Bacterium (pl. bacteria) refers to a single-celled organism without having a true nucleus or functionally specific components of metabolism that belongs to the kingdom Prokaryotae (Monera). The internal cytoplasm is invariably surrounded by a one-or two-layered rigid cell wall composed of phospholipids. Some bacteria also produce a specific mucoid extracellular capsule for additional protection, particularly from phagocytosis by white blood cells (WBCs). Bacteria can synthesize nucleic acids (DNA, RNA), and other important proteins and can reproduce independently, but may essentially need a host to supply food and also a supportive environment. In reality, millions of nonpathogenic bacteria live on the skin and mucous membranes of the human gastrointestinal tract (GIT); these are termed normal flora. Importantly, bacteria that cause disease are usually known as pathogens.
Characteristic Features of Bacteria
A few vital and cardinal characteristic features of ‘bacteria’ are as enumerated under:
There are three principal forms of bacteria, namely:
- Spherical or Ovoid — bacteria occur as single cells (micrococci), or in pairs (diplococci), clusters (staphylococci), chains (streptococci), or cubical groups (sarcinae);
- Rod-shaped — bacteria are termed bacilli, more oval ones are known as coccobacilli, and those forming a chain are called streptobacilli ;
- Spiral — bacteria are rigid (spirilla), flexible (spirochaetes), or curved (vibrios).
An average rod-shaped bacterium measures approximately 1 μm in diameter and 4 μm in length. They usually vary in size considerably from < 0.5 to 1.0 μm in diameter to 10–20 μm in length in some of the long spiral forms.
It has been observed that simple cell division is the usual method of reproduction, whereas certain bacteria give rise to buds or branches that eventually break off. The growth rate is substantially affected on account of changes in temperature, nutrition, and other factors.
Importantly, bacilli can produce reproductive cells invariably termed spores, whose relatively thick coatings are highly resistant to adverse environmental conditions. In the event of a better congenial environment, the spores commence growing. Besides, spores are difficult to kill as they are highly resistant to heat as well as disinfectant action.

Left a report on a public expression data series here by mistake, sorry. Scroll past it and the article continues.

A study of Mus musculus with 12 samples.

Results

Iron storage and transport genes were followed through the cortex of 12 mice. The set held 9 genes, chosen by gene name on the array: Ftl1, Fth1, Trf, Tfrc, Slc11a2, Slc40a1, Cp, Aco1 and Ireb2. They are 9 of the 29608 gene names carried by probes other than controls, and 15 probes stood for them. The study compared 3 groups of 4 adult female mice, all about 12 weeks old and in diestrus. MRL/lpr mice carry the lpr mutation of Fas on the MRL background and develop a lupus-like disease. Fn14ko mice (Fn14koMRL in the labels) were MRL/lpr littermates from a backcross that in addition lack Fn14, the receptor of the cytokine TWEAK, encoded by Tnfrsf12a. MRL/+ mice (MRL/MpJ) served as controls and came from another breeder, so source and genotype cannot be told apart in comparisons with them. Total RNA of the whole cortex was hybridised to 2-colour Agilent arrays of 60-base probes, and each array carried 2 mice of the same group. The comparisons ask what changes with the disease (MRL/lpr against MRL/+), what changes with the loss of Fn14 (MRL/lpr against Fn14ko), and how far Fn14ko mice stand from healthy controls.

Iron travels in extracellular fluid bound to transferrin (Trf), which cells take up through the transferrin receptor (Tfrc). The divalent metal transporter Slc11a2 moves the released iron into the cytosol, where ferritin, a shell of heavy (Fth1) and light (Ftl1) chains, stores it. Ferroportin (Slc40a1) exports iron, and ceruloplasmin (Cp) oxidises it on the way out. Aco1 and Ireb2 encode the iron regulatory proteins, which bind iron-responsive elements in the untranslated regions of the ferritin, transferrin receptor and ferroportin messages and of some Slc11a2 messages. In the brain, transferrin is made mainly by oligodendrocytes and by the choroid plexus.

4. Formation of Colony
A group of bacteria growing in one particular place is known as a colony. A colony is invariably comprised of the ‘descendants of a single cell’. It has been found that colonies differ in shape, size, color, texture, type of margin, and several other characteristic features. Interestingly, each species of bacteria has a characteristic type of colony formation.
A majority of bacteria, like all living organisms, do possess the ability to adapt their shape or functions when encountered with distinct changes in their environment, but there is a certain degree of limits to this ability. However, they may also mutate to adapt to some potentially lethal sub-stances, for instance: antibiotics.
It has been duly observed that none of the ovoid or spherical cocci are capable of moving, but certain bacilli and spiral forms do exhibit absolute independent movement. It is, however, pertinent to mention here that the power of locomotion exclusively depends on the possession of one or more flagella, slender whiplike appendages which more or less work like propellers.
7. Food and Oxygen Requirements
Bacteria are of different types based on their food and oxygen requirements as given below:
- Heterotrophic: requires organic material as food,
- Parasites: feed on living organisms, H
- Saprophytes: feed on non-living organic material,
- Autotrophic: i.e., self-nourishing-obtain their energy from inorganic substances, including most of the soil bacteria,
- Aerobes: essentially require oxygen for their very existence and growth, and
- Anaerobes: do not require oxygen for their existence and growth. e.g., most bacteria found in the GIT.
8. Temperature Requirements
Although some bacteria live at very low temperatures or very high temperatures; however, the optimum temperature for a majority of pathogens is 37 °C (98.6°F).